Taking our understanding of the elusive Sclater's monal to new heights
Wang Bin uses his camera to record the life of endangered species in the Gaoligong Mountains. [Photo provided to China Daily]
On April 8, 2015, Wang Bin, 43, from the Gaoligong National Nature Reserve and Gao Ge, a graduate student from Southwest Forestry University started climbing the Gaoligong Mountains from Jinman village, in the company of a local guide.
Located in Nujiang Lisu autonomous prefecture in Yunnan province, the village sits halfway up the steep mountain, 2,000 meters above sea level.
In the following two days, the three trudged through snow to their destination at an altitude of 3,500 meters－an observation point of Lophophorus sclateri, also known as Sclater's monal, an endangered bird native to the Gaoligong Mountains.
They stayed at a base station for the observation point, but to reach the actual location to view the birds, they needed to climb a further 200 meters each day.
The guide, who loved spirits, took 50 centiliters of baijiu with him. He poured some out to pay his tribute to the mountain and drank the rest.
"The mountain was very steep. We pitched our plastic tents just by a cliff because that's the only flat ground we could find. It was only about seven to eight square meters. We were worried that our guide would get drunk and fall off the cliff, which dropped, precipitously, 100 meters down," says Wang, director of science popularization and education with the management and protection branch of the reserve in Lushui city.
From north to south, the Gaoligong Mountains extend over 600 kilometers, with Gawagapu at an altitude of 5,128 meters standing as the highest peak, while the lowest is about 760 meters.
An oriental scops owl found in the Gaoligong Mountains. [Photo provided to China Daily]
"Gaoligong is the highest barrier that the warm and humid air mass from the tropical Indian Ocean first encounters, so that it rains a lot," he says.
Heavy rainfall and high humidity lay the foundation for area's rich biodiversity. Big variations in altitude (five in total) and elevation endow Gaoligong with seven types of climatic regions, ranging from subtropical to frigid zones.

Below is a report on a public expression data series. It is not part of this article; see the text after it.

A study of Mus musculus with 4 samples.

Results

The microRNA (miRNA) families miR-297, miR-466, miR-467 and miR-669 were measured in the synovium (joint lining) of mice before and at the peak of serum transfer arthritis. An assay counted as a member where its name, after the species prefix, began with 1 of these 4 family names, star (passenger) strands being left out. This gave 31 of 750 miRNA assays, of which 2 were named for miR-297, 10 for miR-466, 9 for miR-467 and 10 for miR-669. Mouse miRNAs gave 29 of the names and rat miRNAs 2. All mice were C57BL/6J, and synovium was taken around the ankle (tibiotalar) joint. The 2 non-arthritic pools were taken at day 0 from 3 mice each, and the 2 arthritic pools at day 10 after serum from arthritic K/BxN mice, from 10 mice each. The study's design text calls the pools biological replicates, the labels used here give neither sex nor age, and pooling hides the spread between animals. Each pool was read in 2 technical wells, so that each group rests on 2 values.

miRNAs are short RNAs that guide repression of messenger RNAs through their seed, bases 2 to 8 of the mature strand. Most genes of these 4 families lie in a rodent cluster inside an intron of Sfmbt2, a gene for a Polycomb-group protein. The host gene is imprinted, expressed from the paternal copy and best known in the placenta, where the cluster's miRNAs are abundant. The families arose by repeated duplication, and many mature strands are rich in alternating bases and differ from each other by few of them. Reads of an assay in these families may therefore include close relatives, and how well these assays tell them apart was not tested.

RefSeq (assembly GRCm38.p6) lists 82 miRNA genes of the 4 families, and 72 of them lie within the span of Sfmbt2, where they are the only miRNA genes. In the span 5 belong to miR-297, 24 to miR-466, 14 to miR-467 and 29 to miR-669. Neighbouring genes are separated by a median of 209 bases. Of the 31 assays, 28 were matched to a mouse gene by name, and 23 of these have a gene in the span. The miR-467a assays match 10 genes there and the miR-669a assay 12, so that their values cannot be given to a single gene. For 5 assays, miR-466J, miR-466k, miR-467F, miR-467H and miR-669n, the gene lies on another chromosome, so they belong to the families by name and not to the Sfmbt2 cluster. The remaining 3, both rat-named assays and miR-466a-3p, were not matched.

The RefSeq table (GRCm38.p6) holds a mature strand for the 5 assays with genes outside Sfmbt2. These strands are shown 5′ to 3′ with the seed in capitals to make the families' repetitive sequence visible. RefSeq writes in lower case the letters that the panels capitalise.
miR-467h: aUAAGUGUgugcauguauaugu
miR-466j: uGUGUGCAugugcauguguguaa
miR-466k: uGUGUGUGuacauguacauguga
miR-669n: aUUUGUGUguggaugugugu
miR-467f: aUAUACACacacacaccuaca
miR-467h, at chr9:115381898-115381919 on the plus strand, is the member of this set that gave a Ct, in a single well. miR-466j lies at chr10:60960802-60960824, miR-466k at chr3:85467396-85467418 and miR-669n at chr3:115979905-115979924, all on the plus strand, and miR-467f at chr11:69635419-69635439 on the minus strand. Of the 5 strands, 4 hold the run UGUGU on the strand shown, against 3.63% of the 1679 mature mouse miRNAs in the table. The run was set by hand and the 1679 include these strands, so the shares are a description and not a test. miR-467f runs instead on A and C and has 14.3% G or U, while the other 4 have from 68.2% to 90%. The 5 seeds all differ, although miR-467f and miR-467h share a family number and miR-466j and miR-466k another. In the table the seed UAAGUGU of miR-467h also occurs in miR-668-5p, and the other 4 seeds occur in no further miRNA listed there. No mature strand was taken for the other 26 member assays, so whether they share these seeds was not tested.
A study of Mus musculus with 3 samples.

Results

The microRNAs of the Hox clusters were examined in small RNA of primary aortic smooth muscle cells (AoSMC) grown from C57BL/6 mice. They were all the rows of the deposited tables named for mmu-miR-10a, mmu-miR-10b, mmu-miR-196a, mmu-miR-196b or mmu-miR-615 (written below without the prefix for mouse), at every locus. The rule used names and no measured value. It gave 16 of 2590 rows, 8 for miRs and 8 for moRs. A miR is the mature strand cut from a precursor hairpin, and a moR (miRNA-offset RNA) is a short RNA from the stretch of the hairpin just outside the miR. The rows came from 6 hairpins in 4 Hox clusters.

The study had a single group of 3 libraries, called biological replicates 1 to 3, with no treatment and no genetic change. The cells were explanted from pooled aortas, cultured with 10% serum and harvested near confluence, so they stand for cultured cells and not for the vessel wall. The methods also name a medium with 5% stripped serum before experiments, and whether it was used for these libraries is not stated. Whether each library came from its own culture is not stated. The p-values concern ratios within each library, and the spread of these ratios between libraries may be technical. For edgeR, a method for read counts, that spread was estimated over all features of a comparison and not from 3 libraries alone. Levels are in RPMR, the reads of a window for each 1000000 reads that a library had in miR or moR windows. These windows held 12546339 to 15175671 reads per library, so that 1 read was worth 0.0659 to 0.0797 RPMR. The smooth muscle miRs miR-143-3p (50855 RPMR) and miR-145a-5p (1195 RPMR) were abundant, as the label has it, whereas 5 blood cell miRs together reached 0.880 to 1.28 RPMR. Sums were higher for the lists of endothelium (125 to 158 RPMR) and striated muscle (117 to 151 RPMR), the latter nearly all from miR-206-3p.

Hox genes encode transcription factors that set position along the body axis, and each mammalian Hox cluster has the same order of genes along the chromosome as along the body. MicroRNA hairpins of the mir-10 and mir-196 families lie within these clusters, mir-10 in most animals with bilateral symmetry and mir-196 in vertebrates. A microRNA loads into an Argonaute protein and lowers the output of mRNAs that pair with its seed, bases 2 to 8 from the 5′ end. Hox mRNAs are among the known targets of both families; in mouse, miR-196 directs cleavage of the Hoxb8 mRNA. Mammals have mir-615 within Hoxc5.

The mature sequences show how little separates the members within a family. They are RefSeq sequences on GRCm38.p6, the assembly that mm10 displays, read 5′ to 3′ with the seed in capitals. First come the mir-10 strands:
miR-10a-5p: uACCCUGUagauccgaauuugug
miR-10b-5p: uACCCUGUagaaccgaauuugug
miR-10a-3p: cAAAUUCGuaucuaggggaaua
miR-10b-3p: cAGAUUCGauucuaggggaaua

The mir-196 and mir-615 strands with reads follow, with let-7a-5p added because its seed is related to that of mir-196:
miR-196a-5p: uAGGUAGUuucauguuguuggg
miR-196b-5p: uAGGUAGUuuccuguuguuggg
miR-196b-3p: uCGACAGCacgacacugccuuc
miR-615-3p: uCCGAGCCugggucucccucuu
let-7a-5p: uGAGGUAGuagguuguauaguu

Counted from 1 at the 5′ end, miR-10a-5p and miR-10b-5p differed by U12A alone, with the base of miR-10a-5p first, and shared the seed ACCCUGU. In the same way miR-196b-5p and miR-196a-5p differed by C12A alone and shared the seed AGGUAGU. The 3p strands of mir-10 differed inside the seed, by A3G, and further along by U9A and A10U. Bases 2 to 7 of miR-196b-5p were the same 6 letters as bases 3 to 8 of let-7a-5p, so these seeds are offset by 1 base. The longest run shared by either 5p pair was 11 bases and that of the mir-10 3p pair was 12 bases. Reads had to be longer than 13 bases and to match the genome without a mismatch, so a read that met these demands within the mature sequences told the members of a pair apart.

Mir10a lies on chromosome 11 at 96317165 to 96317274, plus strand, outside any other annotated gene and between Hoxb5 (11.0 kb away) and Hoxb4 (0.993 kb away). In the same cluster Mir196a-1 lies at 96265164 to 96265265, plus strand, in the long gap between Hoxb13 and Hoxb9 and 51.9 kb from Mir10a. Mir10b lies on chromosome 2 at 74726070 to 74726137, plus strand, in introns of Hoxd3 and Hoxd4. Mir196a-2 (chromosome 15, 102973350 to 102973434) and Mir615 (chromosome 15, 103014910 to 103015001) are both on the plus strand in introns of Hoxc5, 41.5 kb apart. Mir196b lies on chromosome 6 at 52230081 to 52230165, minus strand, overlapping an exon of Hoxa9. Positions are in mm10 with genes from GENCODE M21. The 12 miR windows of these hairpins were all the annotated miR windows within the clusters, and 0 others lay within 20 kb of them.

The advantage of the weather is further strengthened by the location. The Gaoligong Mountains, located in the transitional zone of two zoogeographic regions, provide a corridor for species to communicate and migrate.
So far, scientists have found 6,711 vascular plants, including the endangered Taiwania flousiana Gaussen and big tree rhododendrons, and more than 2,600 animals. What's more, since 1980, over 620 new species have been found, such as Nujiang golden monkey and Gaoligong hoolock gibbon.
During their trip in 2015, Wang, Gao and their guide stayed on the mountain for 45 consecutive days, but only saw clear sky on one of them. There was not much space in the tents, so snow or rain fell into the cookers they kept outside, Wang recalls, laughing.
What made them stay was the exciting discovery of a nest of Sclater's monal, the first since the previous discovery 12 years ago. Sclater's monal, nicknamed the "snow goose", has two subspecies and one lives only inside the forests of the Gaoligong National Nature Reserve at an altitude from 2,500 to 4,000 meters.
It is a highly vigilant bird. The first time when Wang tried to take a photograph of one, it was pecking on the ground. Hearing the sound of the camera's shutter, it flew away. Gradually, however, these birds became familiar with the two researchers, who showed up every day when the dawn had just broken, and the female birds were singing their first song.
During the 45 days, they found two nests, each containing three eggs. Wang recorded the whole process of incubation, hatching and the bird leaving the nest. It was the first time anyone had documented the full birthing process of these birds.
"Most birds hatch without a feather, but the Sclater's monal already has feathers when it emerges from the shell and can leave the nest after just two days, which is unique," he says.
Every year between 2015 and last year, Wang visited the observation point and used his cameras to record the life of these endangered birds. During his 2016 visit, he saw 16 of them, the largest congregation recorded to date.